The acronym GED stands for "General Education Development." The GED exam was developed to test whether an individual's knowledge is equal or superior to that of most high school graduates. In most cases, the GED is accepted as an equivalent of a high school diploma. Most employers and colleges will accept a passing GED score the same way they would accept a diploma. Getting your GED is a great option for those who chose to leave high school early or had other complications that led to an unfinished high school career.
The GED exam covers five major knowledge areas: science, math, social studies, reading and writing. All the sections are multiple choice, except for the essay included at the end of the writing section. The test takes over seven hours to complete. Most test-takers study in the weeks or months leading up to the exam date. In addition to individual studying, there are test prep classes, study guides and online sample questions to help you prepare for the test.
In short, a GED opens up a wider range of opportunities in life. You have the option to go to college. You can get a better job. Your confidence will be boosted and you'll be prepared to try new things. These benefits alone are enough to make many individuals set aside the time to study and take the GED exam. Check out these additional statistics on GED graduates collected from www.kcc.edu:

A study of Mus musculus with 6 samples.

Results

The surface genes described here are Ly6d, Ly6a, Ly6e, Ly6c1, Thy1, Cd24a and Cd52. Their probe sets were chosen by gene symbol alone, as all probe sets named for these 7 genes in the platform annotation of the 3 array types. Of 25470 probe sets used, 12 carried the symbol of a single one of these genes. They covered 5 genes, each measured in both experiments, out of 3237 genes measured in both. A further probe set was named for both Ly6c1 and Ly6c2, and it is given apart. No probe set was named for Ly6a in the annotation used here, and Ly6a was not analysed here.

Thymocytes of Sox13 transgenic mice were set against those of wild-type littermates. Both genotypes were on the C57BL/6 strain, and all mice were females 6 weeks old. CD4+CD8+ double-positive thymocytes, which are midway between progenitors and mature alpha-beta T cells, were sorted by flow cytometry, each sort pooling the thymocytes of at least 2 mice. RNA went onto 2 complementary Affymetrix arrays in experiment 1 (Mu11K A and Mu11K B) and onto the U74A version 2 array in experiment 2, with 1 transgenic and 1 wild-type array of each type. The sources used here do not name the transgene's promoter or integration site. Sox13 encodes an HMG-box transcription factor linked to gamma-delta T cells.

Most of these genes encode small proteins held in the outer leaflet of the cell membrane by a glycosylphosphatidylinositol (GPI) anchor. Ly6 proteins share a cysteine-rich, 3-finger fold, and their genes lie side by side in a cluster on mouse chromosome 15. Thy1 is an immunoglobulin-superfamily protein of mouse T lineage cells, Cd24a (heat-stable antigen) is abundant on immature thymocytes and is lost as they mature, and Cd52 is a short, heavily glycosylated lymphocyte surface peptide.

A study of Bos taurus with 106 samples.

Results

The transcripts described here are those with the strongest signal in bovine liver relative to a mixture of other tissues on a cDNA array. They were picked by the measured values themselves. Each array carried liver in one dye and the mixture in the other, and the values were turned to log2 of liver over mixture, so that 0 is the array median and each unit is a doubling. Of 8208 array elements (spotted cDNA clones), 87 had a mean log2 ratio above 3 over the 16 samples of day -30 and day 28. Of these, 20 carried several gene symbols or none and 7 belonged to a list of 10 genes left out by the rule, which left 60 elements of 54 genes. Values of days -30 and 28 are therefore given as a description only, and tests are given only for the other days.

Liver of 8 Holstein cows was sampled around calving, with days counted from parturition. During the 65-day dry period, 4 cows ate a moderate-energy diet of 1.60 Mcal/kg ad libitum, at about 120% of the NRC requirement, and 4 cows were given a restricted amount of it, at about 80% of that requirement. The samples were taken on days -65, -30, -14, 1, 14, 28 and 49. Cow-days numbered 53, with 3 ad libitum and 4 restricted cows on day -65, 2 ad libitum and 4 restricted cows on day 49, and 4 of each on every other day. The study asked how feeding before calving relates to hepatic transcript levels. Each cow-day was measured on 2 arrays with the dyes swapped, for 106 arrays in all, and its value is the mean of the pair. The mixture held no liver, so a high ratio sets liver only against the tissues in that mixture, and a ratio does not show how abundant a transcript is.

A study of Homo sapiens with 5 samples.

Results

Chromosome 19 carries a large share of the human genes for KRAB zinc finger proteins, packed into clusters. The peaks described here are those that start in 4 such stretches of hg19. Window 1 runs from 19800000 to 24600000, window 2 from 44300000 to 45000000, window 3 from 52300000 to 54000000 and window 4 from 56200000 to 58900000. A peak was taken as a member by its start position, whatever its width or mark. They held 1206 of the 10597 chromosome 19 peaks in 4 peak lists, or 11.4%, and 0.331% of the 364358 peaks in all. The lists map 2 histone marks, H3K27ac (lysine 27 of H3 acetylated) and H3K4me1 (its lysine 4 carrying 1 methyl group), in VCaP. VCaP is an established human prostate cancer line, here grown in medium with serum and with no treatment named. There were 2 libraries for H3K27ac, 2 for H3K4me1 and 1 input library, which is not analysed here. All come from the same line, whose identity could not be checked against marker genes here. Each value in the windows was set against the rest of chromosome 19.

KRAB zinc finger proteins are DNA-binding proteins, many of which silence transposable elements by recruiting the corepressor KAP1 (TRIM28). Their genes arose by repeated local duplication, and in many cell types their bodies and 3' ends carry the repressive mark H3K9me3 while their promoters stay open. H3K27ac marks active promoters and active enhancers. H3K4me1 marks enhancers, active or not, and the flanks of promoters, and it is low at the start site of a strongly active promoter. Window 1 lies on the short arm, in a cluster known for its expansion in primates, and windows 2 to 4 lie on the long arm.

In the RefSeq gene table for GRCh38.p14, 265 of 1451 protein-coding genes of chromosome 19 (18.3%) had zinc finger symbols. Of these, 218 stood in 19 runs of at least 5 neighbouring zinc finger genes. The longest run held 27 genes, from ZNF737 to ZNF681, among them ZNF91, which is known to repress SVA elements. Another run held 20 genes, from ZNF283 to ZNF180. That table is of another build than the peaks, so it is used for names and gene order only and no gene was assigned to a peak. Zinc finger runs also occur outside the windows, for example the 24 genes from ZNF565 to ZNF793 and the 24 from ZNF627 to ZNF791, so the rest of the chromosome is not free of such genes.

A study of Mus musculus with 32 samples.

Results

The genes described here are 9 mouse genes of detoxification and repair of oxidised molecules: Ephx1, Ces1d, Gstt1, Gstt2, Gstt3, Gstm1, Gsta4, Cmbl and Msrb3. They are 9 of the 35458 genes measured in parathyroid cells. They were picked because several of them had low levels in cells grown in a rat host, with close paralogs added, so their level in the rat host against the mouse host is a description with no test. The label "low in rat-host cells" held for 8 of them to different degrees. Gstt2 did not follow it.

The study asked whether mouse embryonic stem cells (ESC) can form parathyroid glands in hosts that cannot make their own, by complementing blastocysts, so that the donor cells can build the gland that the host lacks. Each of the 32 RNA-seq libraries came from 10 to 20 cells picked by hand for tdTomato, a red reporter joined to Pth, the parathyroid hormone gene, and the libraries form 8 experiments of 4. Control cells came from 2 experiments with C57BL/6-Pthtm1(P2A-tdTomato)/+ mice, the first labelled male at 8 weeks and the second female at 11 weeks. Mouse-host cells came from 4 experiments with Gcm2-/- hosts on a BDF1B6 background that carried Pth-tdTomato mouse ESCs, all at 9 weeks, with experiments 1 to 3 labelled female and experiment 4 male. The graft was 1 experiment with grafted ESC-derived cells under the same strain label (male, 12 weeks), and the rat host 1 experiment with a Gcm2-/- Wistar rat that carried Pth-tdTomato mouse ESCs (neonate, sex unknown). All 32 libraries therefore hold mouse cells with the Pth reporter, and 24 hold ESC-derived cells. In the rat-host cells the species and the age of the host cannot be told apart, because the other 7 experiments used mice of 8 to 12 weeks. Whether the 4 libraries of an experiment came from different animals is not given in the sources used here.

- Those who pass the GED generally earn $2,040 more each year than high school dropouts.
- GED graduates are more likely to be employed full-time than high school dropouts.
- About half of GED graduates attend college after earning their GED credentials.
Many people don't realize how widely accepted a GED credential is; don't let that misconception hold you back from taking the test. Tthe Americal Council on Education reports that 98% of all colleges and universities accept a passing GED score. Employers are also very accepting of the GED; 96% of companies that require a high school diploma for a job will also accept applicants with a GED credential.
If you've decided that getting your GED is right for you, contact the GED Testing Service website at www.gedtest.org. On the website, you'll find a list of over 3,000 testing centers. Locate the testing center nearest to you and choose a date to schedule your test. You'll have to pay the test fees and complete the registration kit sent to you in the mail, but after that you just need to study and get ready for the test day. Getting your GED will take a little work, but in the long run it will pay off in terms of earning potential, educational choices and job opportunities.